From helmets to hard hats
June 19, 2009
FORT LEWIS, Wash. - A Soldier with a smile on her face and a hard hat on her head wore a name tag that read "Happy Puppy."
The Soldier, Spc. Candice Hirsch, said the name signified experiencing a really good day.
"Today, I'm a happy puppy," she said.
Hirsch, a Soldier in the Warrior Transition Battalion at Fort Lewis, was building homes for families in need with the Habitat for Humanity nonprofit organization on June 12.
After developing a few fractures in her feet while stationed in Korea, her ability to walk was compromised. Since her surgery in January, she started walking again and looking for ways to help out.
She said volunteering with Habitat for Humanity helped keep her mind and body active.
Hirsch wasn't alone.
About 40 Soldiers from the battalion dedicated June 10 through June 12 to doing projects for the organization - roofing, painting, scaffolding and excavating.
The three-day event was organized by Battalion Chief Anne Sprute, Battalion Commander Lt. Col. K.C. Bolton and United Way of Pierce County President Rich Allen, among others.
"Working with organizations like Habitat for Humanity not only brings support and awareness to the Soldiers, but it gives them an opportunity to get out and engage themselves in society," Sprute said.
Soldiers from the battalion worked on several houses located in a 12-home neighborhood in South Tacoma. Families with a diverse range of backgrounds, including Guamanian, Mexican, Vietnamese and Russian, would soon make up the community.
"There was nothing more than dirt in this location before we started building," said Cassandra Jarles, director of volunteer services for Habitat for Humanity.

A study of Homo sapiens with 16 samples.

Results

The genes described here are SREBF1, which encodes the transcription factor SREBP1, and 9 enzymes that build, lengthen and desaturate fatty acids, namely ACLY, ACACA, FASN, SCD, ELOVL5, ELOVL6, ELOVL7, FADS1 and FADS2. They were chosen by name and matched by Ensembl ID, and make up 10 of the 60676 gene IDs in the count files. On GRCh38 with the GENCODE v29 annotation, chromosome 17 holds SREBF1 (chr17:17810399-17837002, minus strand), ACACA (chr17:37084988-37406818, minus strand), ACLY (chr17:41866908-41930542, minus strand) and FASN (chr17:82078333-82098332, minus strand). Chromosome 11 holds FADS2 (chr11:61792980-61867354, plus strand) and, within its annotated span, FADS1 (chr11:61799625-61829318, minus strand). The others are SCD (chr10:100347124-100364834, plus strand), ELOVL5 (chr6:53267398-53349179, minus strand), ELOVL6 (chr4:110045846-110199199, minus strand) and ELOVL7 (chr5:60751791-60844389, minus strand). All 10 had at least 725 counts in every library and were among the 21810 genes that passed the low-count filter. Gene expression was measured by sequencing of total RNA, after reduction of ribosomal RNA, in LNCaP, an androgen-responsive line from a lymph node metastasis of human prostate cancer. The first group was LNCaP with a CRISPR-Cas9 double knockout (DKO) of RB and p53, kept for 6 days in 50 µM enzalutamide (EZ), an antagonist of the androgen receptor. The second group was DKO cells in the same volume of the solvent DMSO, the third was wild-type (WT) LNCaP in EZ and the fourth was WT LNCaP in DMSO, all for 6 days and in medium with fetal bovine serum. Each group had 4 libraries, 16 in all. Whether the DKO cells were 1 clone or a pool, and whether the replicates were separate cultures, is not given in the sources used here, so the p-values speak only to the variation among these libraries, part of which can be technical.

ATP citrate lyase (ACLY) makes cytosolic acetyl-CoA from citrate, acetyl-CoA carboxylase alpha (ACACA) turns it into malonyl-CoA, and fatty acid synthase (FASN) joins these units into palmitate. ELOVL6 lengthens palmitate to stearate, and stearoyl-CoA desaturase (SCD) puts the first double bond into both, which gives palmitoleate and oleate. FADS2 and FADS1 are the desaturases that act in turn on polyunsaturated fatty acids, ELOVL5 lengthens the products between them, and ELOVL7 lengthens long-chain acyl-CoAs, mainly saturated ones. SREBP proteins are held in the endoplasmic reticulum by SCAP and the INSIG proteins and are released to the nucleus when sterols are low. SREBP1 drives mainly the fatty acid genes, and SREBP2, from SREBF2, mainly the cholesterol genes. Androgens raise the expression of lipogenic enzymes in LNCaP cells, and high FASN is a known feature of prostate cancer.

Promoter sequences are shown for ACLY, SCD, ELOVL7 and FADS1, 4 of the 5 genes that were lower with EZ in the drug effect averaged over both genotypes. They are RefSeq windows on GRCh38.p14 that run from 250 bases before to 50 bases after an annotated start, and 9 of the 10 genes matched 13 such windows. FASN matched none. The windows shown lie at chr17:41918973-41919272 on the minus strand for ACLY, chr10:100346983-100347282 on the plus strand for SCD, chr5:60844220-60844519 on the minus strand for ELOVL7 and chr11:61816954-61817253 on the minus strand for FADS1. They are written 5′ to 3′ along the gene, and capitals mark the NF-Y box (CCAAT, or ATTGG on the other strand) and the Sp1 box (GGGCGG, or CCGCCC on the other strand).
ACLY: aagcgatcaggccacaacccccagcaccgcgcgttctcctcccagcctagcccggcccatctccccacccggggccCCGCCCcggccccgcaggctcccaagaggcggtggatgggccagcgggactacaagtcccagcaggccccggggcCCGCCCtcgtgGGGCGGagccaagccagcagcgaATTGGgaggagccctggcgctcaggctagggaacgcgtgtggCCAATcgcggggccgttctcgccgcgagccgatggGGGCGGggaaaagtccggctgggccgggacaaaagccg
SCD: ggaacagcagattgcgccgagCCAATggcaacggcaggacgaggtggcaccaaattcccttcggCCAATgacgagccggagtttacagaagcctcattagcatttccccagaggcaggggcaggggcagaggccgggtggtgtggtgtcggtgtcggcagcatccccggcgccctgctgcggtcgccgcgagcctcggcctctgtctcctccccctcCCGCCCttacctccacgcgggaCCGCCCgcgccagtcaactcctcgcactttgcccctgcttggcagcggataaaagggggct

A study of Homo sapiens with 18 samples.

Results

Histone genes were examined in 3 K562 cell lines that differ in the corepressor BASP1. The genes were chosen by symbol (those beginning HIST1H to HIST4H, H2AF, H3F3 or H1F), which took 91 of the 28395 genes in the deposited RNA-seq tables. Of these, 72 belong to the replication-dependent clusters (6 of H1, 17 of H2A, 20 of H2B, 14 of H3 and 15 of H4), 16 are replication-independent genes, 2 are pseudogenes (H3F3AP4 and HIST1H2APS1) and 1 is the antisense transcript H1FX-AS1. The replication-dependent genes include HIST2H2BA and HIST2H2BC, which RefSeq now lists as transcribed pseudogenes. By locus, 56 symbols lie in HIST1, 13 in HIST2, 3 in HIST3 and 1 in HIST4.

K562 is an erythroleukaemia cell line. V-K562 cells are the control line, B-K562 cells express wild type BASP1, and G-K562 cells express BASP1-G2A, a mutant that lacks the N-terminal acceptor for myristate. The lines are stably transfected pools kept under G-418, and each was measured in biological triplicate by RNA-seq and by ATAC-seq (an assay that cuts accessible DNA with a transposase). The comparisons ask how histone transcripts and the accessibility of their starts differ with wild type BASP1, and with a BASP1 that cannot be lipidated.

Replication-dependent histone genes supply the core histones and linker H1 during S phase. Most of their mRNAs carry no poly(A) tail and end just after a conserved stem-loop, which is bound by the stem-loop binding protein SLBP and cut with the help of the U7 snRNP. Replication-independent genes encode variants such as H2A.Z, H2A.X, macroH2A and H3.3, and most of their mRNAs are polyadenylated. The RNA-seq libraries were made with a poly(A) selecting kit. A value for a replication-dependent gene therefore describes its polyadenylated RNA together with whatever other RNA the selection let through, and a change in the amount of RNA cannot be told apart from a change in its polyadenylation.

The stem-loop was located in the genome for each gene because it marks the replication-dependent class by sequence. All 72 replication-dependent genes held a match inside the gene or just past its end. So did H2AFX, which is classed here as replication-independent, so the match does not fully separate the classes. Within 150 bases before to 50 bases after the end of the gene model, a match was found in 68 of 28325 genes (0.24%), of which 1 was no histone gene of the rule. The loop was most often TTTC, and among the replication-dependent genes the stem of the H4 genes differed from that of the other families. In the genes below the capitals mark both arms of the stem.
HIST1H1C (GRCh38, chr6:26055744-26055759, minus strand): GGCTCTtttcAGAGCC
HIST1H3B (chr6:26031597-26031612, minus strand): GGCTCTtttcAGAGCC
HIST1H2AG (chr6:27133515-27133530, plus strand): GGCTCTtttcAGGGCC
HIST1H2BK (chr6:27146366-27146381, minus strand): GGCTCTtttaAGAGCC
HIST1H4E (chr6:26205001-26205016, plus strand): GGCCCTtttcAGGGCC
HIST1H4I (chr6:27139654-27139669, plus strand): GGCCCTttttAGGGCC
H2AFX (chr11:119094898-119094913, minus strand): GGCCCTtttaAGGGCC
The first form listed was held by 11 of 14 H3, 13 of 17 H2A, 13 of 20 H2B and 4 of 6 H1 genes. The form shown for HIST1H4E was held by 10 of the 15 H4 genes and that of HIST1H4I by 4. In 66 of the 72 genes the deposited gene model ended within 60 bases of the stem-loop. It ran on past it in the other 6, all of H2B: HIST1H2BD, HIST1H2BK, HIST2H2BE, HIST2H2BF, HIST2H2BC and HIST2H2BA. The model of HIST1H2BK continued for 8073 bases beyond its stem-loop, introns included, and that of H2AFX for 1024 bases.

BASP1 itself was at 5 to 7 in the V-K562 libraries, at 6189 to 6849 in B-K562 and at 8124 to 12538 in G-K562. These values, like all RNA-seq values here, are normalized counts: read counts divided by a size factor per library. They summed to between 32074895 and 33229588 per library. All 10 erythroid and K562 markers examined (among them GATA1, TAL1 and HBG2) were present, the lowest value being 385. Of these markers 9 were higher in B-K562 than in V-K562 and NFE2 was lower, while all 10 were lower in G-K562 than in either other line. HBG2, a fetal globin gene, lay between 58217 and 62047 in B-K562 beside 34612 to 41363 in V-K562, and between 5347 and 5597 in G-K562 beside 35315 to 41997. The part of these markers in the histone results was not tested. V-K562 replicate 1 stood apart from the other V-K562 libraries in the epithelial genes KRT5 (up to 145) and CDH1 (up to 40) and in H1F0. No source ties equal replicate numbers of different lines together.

Now the neighborhood consisted of roads and sidewalks; two families had moved in.
The neighborhood construction project began in November and Jarles expected it to be finished this fall. She said the Soldiers made huge progress on these homes over the three-day period.
First Sergeant Garry Dietzman was one Soldier who helped make a dent in the completion of the homes. He volunteered for reasons beyond personal gratification.
"I'm a first sergeant, so I don't get to hang out with my troops very often," he said. "I thought it would be a great time for me to come in and build cohesion with my Soldiers."
Dietzman did some excavating, scaffolding and roofing during the week. Although he learned the basics of building a house, Dietzman said he wouldn't rate his construction skills very high.
"I won't have my own cable show, that's for sure," he said with a laugh.
Dietzman was diagnosed with post-traumatic stress disorder after returning from a 1,700-combat-mission deployment to Iraq. He knows a cure for the disorder will take time, but said being a part of the battalion and dedicating his time with Habitat for Humanity has been the best therapy.
"I will probably take my leave to come out here again," Dietzman said. "This is a blast; I've had a great time."
Kelly McGrath is a reporter with Fort Lewis' Northwest Guardian.